One of the most prized wild salmon rivers in the north of England may be under threat from a new hydro-electric power plant because it is sited downstream of salmon spawning grounds.
The Environment Agency has launched an investigation following reports by anglers that salmon catches have fallen dramatically since the plant on the River Ribble at Settle was opened two years ago. At nearby Stainforth Foss – which in the past has been featured on TV for its spectacular views of leaping salmon – many tourists have been disappointed to discover there are no salmon to be seen.
When the £410,000 community-owned hydro plant was built it was sited directly alongside a concrete salmon pass which should allow migrating fish to swim upstream to their spawning grounds.
But John Breckon, bailiff for a local angling consortium, said many salmon no longer used the pass because they were frightened away.
“When you stand next to the plant you can feel the vibration through your feet,” he said.
“The noise is tremendous, sound travels underwater and it’s frightening the fish back downstream.
“On occasions when the generator shuts down one or two salmon will get through but by that time most of them have gone.”
Mr Breckon said since the plant was built average annual catches on his consortium’s one-mile stretch of river had fallen from 17 to two.
“Our fishing has been absolutely devastated. I’ve got records going back 27 years and we’ve had two of the worst seasons ever known,” he said.
The generator is a reverse Archimedes Screw type, based on a 1,800-year-old design by the Ancient Greek mathematician. It generates 50kw of electricity – enough to power 50 homes – and it has won awards as a community-led green energy project. It is operated by the community group Settle Hydro Ltd, which sells excess power to the National Grid and uses the proceeds for local projects.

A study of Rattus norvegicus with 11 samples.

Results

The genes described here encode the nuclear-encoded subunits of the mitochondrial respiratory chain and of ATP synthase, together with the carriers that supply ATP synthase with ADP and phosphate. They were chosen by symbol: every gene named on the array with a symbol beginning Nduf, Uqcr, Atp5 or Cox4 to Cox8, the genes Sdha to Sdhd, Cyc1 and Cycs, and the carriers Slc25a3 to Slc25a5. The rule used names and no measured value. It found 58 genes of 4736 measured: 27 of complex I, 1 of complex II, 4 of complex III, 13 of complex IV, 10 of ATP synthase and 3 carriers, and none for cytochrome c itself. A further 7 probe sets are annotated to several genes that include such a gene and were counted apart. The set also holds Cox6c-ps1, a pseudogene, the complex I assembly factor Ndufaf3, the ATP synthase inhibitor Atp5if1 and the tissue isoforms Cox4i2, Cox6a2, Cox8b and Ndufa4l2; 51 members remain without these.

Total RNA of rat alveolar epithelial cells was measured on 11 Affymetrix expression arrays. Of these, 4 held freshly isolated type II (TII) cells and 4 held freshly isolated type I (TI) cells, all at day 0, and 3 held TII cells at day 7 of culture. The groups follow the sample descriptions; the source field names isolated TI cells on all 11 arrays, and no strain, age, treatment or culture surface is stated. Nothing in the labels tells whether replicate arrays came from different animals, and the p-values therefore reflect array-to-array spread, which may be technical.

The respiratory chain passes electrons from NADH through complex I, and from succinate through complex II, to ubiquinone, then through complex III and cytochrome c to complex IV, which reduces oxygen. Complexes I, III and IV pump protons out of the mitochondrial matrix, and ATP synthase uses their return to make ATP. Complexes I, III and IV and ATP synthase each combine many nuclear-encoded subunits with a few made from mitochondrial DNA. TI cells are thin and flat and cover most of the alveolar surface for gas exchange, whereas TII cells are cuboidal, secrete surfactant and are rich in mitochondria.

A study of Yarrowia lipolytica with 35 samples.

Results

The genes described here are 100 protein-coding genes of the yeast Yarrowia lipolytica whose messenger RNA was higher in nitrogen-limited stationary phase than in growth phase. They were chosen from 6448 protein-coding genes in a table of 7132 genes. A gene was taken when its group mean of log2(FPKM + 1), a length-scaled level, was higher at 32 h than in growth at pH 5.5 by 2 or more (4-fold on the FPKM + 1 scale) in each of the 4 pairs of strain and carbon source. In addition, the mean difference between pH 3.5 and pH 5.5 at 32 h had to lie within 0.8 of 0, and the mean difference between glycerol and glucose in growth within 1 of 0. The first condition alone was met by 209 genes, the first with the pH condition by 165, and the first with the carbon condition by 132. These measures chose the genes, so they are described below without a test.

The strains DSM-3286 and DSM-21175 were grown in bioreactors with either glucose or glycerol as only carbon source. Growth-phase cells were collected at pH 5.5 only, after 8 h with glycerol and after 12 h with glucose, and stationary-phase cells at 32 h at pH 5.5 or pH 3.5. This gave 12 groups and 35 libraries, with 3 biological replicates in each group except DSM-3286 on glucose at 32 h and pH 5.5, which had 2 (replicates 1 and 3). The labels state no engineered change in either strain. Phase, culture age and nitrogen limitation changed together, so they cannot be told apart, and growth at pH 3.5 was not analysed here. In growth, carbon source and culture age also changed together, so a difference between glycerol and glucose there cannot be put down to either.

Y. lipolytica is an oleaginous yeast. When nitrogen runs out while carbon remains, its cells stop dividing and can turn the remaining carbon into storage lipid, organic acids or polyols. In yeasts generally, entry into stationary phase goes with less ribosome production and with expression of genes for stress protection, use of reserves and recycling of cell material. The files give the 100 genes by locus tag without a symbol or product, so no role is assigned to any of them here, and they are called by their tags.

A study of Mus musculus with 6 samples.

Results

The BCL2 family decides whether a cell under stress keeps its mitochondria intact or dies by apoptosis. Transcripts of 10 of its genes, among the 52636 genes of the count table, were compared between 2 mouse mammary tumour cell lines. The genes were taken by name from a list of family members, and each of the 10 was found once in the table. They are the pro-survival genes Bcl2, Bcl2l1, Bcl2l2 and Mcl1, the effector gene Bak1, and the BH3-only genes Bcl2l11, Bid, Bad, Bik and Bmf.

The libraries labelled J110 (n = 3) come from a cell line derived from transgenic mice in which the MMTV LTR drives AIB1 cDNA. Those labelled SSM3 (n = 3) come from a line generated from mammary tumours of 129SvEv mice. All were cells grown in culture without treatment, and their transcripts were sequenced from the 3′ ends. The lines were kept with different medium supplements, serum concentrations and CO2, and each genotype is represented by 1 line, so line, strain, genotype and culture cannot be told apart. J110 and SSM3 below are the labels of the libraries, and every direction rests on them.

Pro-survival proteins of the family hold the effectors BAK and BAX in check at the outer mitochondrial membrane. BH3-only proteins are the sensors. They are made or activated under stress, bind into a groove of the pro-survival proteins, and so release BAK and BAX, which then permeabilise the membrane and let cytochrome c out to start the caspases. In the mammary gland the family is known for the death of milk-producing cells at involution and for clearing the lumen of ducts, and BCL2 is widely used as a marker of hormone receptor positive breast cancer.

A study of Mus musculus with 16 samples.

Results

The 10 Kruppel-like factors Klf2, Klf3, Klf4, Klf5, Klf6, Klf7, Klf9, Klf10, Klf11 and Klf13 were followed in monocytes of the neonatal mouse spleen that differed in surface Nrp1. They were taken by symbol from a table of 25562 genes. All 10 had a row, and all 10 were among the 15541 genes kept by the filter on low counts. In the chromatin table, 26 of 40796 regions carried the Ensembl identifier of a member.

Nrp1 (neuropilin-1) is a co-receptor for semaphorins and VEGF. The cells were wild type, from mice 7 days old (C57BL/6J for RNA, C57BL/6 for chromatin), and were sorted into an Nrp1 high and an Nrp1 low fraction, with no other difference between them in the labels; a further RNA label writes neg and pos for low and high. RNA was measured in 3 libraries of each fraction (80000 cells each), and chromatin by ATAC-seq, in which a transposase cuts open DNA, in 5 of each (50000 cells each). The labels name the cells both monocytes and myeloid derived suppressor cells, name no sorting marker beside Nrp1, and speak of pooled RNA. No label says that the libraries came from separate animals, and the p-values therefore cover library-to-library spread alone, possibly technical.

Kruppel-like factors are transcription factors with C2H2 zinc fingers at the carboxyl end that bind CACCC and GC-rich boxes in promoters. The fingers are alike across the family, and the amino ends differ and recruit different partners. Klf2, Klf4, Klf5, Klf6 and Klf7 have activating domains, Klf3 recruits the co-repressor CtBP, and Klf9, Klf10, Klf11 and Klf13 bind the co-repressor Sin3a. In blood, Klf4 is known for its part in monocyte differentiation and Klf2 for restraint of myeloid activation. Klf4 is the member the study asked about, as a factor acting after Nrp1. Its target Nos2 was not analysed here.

Mr Breckon has sent video evidence on salmon movements over the past two years to the Environment Agency. He said he had raised the issue of salmon migration when the generating plant was under construction.
“I personally went down there several times to speak to the people building the screw and to Environment Agency officials to express my concerns because I could see what was going to happen,” he said.
“But they assured me on every occasion it wouldn’t affect fish running at all.”
David Hinks, chairman of the Ribble Fisheries Consultative Association, said data from an automated counting device just upstream of Settle confirmed that the number of salmon migrating upstream had fallen sharply.
“It’s difficult to prove cause and effect but it’s a bit of a coincidence that this has happened since the hydro plant began operating,” he said.
Mr Hinks, who represents landowners and more than 20 angling clubs on the Ribble, said in theory Archimedes Screws were more fish-friendly than more conventional types of generators. But he said, apart from the issue of noise and vibration, there was also evidence that Settle Hydro had been taking too much water from the river flow for their generator. He said this, in turn, could leave insufficient water in the fish pass – a series of small pools designed to allow the salmon to bypass man-made obstacles.
The Environment Agency confirmed Settle Hydro has breached the terms of licence conditions on the amount of water taken from the river 238 times and an investigation was under way.
“We are looking at data from a number of sources, including information from local anglers, to see whether the presence of the scheme could be preventing fish from migrating upstream to spawn,” said a spokeswoman.
Settle Hydro director Ann Harding said they were working closely with the Environment Agency and went to great lengths to ensure any impact on the ecology was minimised.